Wednesday, January 14, 2015

Learning ASL - Diane Mettam

When our children were young we lived in a resort community for a couple of years.  I was fortunate to find employment in the local school district, working in a combined 5-6 classroom.  When I was also assigned to lunch duty, I was given a crash course in American Sign Language (ASL), because our school was the designated “mainstream” school for children with disabilities.

I say “mainstream” in quotes because the children went to our school, but they were in separate classes.  They weren’t really integrated into regular classes.  But I found ASL fascinating, and loved the opportunity to learn and use it.  It wasn’t all glamour - the first phrase I learned was “Sit down now and stay there,” very useful in the cafeteria.  The second was “Go outside and play.”  But I did learn more, and because I had some modicum of ASL I got to go on field trips with the deaf and hard-of-hearing class and get to know them and interact with them. 

I will never forget some my charges.  One boy came to use from the Philippines.  At that time deaf children were not educated in the Philippines, so everything was new to him.  He made up signs.  When we taught him the sign for tree, one arm held upright with the hand spread out, he invented “dead tree,” the arm crashing down 90 degrees.  When we taught him the sign for fish, he taught us a fish being caught, literally a hook in the mouth.  He would laugh with delight as we copied his new “signs.”  Then there was the darling freckle-faced little boy who always took his hearing aids out during lunch.  More than once I had to look for them in the garbage because he forgot to put them back in.  Nothing like looking for little hearing aids in a trash can full of beanie-weenies!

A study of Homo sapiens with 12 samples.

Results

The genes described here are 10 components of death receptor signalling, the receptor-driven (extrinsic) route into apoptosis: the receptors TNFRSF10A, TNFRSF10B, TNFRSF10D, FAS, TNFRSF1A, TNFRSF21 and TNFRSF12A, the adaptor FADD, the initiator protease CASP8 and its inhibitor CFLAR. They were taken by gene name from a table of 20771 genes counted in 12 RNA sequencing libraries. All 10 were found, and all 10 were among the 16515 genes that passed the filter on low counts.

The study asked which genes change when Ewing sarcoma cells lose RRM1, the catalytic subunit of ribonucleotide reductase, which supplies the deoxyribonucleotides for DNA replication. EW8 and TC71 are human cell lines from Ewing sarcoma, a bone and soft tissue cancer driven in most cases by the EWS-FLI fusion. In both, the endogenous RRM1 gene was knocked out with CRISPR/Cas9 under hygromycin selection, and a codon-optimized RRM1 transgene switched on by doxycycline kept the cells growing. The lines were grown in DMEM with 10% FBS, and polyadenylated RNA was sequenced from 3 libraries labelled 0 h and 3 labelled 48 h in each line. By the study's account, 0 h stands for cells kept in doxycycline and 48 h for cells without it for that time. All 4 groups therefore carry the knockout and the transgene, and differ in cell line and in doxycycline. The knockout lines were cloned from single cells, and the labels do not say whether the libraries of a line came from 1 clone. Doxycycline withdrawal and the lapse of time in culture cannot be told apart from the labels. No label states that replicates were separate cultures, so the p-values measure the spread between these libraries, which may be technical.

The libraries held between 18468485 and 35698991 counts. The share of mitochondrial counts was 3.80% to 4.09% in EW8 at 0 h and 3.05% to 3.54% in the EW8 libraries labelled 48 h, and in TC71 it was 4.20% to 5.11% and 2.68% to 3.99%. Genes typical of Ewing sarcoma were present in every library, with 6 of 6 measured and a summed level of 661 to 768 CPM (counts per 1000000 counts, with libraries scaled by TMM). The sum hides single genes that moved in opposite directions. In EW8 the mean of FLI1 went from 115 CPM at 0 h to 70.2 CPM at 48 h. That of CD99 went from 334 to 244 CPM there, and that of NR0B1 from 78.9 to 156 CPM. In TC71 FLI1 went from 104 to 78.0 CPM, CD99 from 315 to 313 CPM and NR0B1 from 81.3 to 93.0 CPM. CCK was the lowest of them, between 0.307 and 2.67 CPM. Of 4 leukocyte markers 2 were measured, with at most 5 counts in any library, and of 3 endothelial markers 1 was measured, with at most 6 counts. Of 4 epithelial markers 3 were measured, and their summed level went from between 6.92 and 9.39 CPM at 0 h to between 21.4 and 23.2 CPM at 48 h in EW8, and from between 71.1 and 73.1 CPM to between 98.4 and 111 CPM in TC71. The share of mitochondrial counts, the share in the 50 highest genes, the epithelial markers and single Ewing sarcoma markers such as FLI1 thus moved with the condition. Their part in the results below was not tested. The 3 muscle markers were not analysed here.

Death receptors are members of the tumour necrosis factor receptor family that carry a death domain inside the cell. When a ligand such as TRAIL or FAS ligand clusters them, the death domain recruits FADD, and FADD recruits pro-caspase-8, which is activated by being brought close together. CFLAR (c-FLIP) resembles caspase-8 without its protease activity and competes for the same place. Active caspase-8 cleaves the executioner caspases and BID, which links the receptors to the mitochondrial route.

But I always wondered why everyone wasn’t taught ASL.  Hearing children were certainly eager to learn.  I was given the gift of Spanish beginning in the third grade.  My very wise school district grew even wiser and began teaching everyone to read, write and speak Spanish starting in Kindergarten.  Languages are so easy when we are young.  My daughter’s preschool started teaching her signs at the same time I was learning, and it was very handy that we had this form of communication, especially when we moved to our next home many miles away.  I could sign to her in the car ahead of me, and she could pass messages on to her Daddy.  Very convenient.

According to the National Institute of Health, one in eight people over the age of 12 has hearing loss in both ears.  That’s 13 percent.  Two to three of every 1,000 children are born with a detectable hearing loss in one or both ears.  More than 90 percent of deaf children are born to hearing parents.  I’ve always thought it was unfair that we are not taught ASL.  When I met deaf people and could “speak” with them, they were delighted to meet a hearing person who had taken the trouble to “learn their language.” 

There is a movement to encourage the deaf to receive cochlear implants, but this is not the same as “hearing” as we do.  My friends who have received them report difficulties in differentiating between sounds, having their sense of taste affected, and having problems with static electricity.  But I wonder if we are encouraging the deaf to be more “like us” instead of making the effort to reach out to them by learning their language? 

I think of the story in Mark where four friends carried their paralyzed friend to Jesus to be cured.  When they found they couldn’t bring him into the house in the usual way, they made a hole in the roof to lower him down.  If these friends could make that kind of effort, can’t we learn to use our hands, minds and hearts to speak to our deaf friends and neighbors? 

“. . .but just as we have been approved by God to be entrusted with the message of the gospel, even so we speak, not to please mortals, but to please God who tests our hearts.”  1 Thessalonians 2:4

Prayer requests:  For all those who are working to draft legislation for General Conference.  May they be filled with wisdom and strength.

Dear God, Help us to bridge the gaps between us.  Help us to learn to speak to each other, and listen to each other, and seek to understand each other  Remind us that we are all your children, and all perfect in your eyes.  In Jesus’ name we pray.  Amen.